Many years ago, when my children were very little I had an enormous kitchen garden. It is a great trick to get small children to eat vegetables, if they grow them so they will eat! It is also a great way to learn about biodiversity, life cycles, nature and oneself.
In the early fall we would buy ladybugs to release into the garden. Just at twilight we would go into the garden and carefully shake thousands of sleepy ladybugs out under the plants, hoping to get lucky and have ten percent or so stay. We did this many times over the course of a few weeks and then we waited through the fall and the winter to see how many had decided to stay and make our garden their permanent home.
The spring after the first time we did this I was out in the garden tending the early crop when I found an abundance of a new bug. We already had a healthy population of aphids and I had invested heavily in ladybugs in the hope of thinning that herd so I was not thrilled to see that I had something new and ominous looking that was crawling all over the plants. They were no longer than a centimeter or two and looked like tiny black crocodiles with an orange blaze across the back. There were a lot of them and they were busy for sure, I found some attached to the underside of leaves clearly starting on the process of metamorphosis. I clipped a leaf with a specimen and hurried down to the nursery.
“Oooh, ooh, oooh,” said the nursery attendant, “you got lucky and the ladybugs stayed. These are the larva.” And it was just like that, instantly the thing to be feared because it was unattractive, menacing, and a supposed threat became a welcome delight. I had ladybug larva all over the place, and as it turns out just like the adolescents of our very own species they will eat far more aphids everyday than their adult counterparts.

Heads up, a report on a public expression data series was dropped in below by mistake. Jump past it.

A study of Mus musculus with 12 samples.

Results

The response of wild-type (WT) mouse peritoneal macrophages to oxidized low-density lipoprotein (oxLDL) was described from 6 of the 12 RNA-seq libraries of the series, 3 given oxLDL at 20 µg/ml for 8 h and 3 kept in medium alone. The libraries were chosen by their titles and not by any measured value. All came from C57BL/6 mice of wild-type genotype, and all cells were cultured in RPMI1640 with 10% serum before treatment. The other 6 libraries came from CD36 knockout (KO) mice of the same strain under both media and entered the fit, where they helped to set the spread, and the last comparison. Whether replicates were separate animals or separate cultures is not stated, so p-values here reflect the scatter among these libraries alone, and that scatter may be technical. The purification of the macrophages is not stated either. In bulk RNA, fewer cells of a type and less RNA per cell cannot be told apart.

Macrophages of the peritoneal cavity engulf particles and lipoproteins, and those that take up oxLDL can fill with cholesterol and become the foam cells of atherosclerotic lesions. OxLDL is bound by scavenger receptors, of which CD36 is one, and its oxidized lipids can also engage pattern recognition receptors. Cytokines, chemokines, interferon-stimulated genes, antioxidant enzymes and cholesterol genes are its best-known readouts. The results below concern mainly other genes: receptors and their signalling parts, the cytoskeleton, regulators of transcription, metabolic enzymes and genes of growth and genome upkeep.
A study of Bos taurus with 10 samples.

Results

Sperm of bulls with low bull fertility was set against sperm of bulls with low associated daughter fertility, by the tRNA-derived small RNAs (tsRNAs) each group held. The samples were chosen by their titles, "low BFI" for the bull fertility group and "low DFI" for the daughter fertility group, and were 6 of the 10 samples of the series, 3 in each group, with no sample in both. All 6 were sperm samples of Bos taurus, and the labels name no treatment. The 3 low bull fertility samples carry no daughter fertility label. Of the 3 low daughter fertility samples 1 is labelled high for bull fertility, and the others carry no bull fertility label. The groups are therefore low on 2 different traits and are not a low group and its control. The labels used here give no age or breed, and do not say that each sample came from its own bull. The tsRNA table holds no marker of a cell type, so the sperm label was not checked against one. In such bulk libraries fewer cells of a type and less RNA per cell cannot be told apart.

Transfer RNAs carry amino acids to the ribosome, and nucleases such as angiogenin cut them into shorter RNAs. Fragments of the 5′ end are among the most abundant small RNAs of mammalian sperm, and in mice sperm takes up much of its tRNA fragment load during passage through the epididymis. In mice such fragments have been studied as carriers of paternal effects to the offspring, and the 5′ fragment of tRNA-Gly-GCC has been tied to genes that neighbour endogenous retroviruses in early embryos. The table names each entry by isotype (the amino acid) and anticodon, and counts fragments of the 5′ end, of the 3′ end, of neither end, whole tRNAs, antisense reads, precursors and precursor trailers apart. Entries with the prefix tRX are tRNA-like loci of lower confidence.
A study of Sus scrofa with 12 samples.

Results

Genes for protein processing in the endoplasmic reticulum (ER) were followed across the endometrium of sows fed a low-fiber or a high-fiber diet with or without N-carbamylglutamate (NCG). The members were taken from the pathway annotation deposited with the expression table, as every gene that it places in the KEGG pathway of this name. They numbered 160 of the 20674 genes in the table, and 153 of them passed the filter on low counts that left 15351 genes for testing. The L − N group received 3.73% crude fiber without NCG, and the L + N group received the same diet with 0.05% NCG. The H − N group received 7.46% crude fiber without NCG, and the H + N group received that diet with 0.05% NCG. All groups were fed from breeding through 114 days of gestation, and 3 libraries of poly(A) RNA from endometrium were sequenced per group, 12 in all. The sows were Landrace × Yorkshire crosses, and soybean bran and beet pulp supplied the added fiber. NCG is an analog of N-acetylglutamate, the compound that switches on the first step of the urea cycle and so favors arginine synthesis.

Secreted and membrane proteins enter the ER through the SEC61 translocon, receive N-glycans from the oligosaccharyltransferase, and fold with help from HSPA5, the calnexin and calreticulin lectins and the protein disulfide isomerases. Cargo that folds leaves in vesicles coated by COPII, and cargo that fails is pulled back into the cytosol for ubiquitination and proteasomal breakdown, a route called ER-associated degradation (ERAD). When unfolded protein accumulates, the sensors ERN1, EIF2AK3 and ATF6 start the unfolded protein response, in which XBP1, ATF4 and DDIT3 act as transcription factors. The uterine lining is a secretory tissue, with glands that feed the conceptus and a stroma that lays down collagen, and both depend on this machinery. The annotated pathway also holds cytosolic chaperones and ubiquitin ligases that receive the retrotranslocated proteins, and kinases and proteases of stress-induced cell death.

Today as I was driving to the airport with my husband I saw a large, rather unattractive beetle-like creature moving along the collar of his jacket. I tried to gently capture it in a tissue. The creature was apparently softer than it appeared, or I am stronger than I think, and insides oozed to the outside. I was distraught because I had not intended to hurt this thing, and I knew that I had no idea what it might become.
Bugs can make me a little nervous and some certainly gross me out. But I don’t dislike them as a rule and I have an enormous respect for the way in which we all serve each other, and they us to a much greater degree than we acknowledge. And maybe that is what I am trying to say, something about judgment and ego and beauty and values. I did not like the tiny crocodiles because I did not know what they were, and then I found them a joy, they made me smile whenever I saw them, I eagerly hoped they would appear. I changed, they remained what they always were; this is the opportunity we have to be our best selves and to give others that same room; we can acknowledge what we know and that our knowledge is limited, we can acknowledge what makes us uncomfortable and learn how to shift our experience of that feeling, we can allow the time to become and let the beauty that was always there be what we share with the world.
Bugs are such an easy example for our potential. The swallowtail butterfly starts life by eating your carrot tops down to nubs. The giant green tomato caterpillars with the red hook on their head become a magnificent moth the size of my hand. We fail to see the magic in these things and cut off the possibility for greatness too soon. You just never know what something can become.